Beefeater Pink

Beefeater Pink

The Drinks Business wrote in February 2018 that “Beefeater Pink is targeted at ‘young millennials’,” and then adds a further quote, “I think the popularity of ‘millennial pink’ has driven the pink gin trend to an extent. It has had an influence in fashion, drinks and design. Millennials drink with their eyes.” [source]

Pandering to Millennials/Generation Z isn’t anything new. But one thing is right. Pink Gins (not the cocktails) represent nearly 40% of growth in the Spanish gin category. Other distillers like Gordon’s have already gotten into the game. It’s no surprise that Beefeater Pink would be on its way.

In short, Beefeater Pink in the United States is marketed as a “Strawberry Flavored Gin.” It is a mere 37.5% ABV and basically involves sweetening, adding strawberry flavoring and “certified color” to Beefeater Gin.

Tasting Notes

Beefeater Pink, to the nose, is strawberry hard candies, slowly dissolved into a syrupy puddle. It reminds me of the nose of COOL Gin— which although one of my favorite curiosities of the gin world, isn’t perhaps an example I would suggest other distilleries emulate.

The palate though leads with strawberry, does manage to pull through with a touch of gin on the finish. A hint of juniper mid-palate brings forth some warmth. Beefeater Pink finishes with a modicum of warm spice.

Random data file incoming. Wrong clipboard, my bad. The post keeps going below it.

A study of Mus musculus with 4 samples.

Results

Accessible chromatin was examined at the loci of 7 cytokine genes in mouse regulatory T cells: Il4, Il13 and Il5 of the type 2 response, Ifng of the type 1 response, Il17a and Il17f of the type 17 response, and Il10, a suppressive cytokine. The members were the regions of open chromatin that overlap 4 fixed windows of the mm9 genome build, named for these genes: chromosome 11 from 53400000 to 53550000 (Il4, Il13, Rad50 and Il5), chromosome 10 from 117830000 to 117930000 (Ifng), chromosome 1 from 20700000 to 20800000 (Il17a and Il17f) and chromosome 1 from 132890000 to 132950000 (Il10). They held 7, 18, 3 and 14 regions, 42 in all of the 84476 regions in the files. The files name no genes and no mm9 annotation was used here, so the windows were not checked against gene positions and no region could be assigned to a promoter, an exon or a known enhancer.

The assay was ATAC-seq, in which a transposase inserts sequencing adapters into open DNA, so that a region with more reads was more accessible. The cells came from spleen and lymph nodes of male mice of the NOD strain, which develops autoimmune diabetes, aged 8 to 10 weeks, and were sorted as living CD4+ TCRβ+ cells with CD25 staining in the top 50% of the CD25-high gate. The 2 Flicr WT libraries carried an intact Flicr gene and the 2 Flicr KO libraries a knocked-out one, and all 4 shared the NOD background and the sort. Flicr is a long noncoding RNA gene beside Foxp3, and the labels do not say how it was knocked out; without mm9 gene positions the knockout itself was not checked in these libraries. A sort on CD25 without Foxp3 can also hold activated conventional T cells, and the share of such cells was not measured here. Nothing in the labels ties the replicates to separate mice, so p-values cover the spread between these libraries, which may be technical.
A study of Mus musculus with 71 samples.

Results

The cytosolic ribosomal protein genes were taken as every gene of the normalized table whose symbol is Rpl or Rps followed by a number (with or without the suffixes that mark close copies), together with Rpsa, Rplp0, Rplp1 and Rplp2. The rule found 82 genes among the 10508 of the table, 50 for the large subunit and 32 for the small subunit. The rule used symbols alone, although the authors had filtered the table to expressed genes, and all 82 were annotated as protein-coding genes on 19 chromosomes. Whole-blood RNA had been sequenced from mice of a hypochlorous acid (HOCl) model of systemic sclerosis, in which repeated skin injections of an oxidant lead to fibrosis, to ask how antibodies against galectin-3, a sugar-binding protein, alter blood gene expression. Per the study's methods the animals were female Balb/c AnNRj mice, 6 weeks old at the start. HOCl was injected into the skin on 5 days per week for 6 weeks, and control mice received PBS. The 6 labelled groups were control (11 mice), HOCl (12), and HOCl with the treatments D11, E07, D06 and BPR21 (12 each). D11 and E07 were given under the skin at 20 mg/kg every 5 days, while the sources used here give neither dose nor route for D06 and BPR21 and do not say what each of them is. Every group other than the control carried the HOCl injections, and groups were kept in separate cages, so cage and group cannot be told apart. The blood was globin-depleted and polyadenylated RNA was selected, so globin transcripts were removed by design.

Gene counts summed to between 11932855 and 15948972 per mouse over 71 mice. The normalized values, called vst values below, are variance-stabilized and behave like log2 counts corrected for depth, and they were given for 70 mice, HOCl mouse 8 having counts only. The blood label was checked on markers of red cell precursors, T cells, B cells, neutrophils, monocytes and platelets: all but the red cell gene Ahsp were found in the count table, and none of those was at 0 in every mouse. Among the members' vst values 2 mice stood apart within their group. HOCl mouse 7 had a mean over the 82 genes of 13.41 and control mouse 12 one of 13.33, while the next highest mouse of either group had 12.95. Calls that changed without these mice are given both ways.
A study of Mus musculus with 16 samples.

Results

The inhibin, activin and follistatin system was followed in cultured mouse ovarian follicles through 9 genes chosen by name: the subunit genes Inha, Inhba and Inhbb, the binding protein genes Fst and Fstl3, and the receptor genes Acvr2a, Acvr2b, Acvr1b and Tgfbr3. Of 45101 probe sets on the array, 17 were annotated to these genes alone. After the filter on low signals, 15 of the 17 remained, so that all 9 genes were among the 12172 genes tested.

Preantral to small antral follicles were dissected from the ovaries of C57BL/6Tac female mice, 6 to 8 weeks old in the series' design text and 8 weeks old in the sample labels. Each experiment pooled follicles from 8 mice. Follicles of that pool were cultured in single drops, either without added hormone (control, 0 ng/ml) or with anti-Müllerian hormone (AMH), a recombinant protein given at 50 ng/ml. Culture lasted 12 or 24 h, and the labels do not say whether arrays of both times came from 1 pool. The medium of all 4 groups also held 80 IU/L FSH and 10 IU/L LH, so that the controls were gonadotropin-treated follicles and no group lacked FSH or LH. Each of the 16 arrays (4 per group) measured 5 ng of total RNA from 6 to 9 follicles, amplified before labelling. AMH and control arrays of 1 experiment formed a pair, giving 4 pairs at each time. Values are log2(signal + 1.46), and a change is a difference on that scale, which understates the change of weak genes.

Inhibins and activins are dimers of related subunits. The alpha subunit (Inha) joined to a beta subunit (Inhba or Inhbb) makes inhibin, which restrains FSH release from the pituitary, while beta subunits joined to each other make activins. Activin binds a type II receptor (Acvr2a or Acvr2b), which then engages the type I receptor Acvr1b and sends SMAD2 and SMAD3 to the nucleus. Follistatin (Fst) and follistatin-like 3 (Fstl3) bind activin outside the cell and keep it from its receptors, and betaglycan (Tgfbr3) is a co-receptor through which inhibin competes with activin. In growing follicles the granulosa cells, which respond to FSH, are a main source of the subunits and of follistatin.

It’s certainly easy to drink.

Cocktails

I’ve mixed a couple of cocktails with Beefeater Pink. It makes a perfectly acceptable Gin and Tonic— garnish with a strawberry if you dare. It’s equally as fine in a Gin and Soda or Gin and Lemonade, It’s sweet on its own so be careful— adding sweet tonic waters or other mixers and your apt to amplify it from merely sweet to cloying.

I tried using it in some more traditional cocktails, owing to it being “nearly gin strength.” The Red and Green Sour I made was somewhat enjoyable as the heavy citrus added balance and muted its sweetness. A bartender committed to working with Beefeater Pink is going to be more able to make a gin-like cocktail than with Gordon’s Pink, for example.

As for drinking, I think its sweet enough on its own to simply work neat.

Overall, Beefeater Pink

Now that this “Pink Gin” thing is becoming a thing, rather than a one-off curiosity, I’ve revised some of my opinions on others in the category. I like the strength and gin flavor of Beefeater Pink a bit better than the 30% ABV Gordon’s Pink. It’s similar to Spanish Gins like COOL Gin, but ultimately benefits from beginning from a better base gin starting point.

But overall, there’s little I can say in a review that will probably persuade you. These pink gins are sweet and artificial. If the idea of berry in your gin sounds appealing, try a gin like Brockman’s instead. If you just want something sweet and ready-to-drink, it’s hard to recommend this above others on the market like the Seagram’s Twisted Gin series.

But amongst these on-trend strawberry pink gins. Beefeater Pink is the best— even if that’s damning faint praise.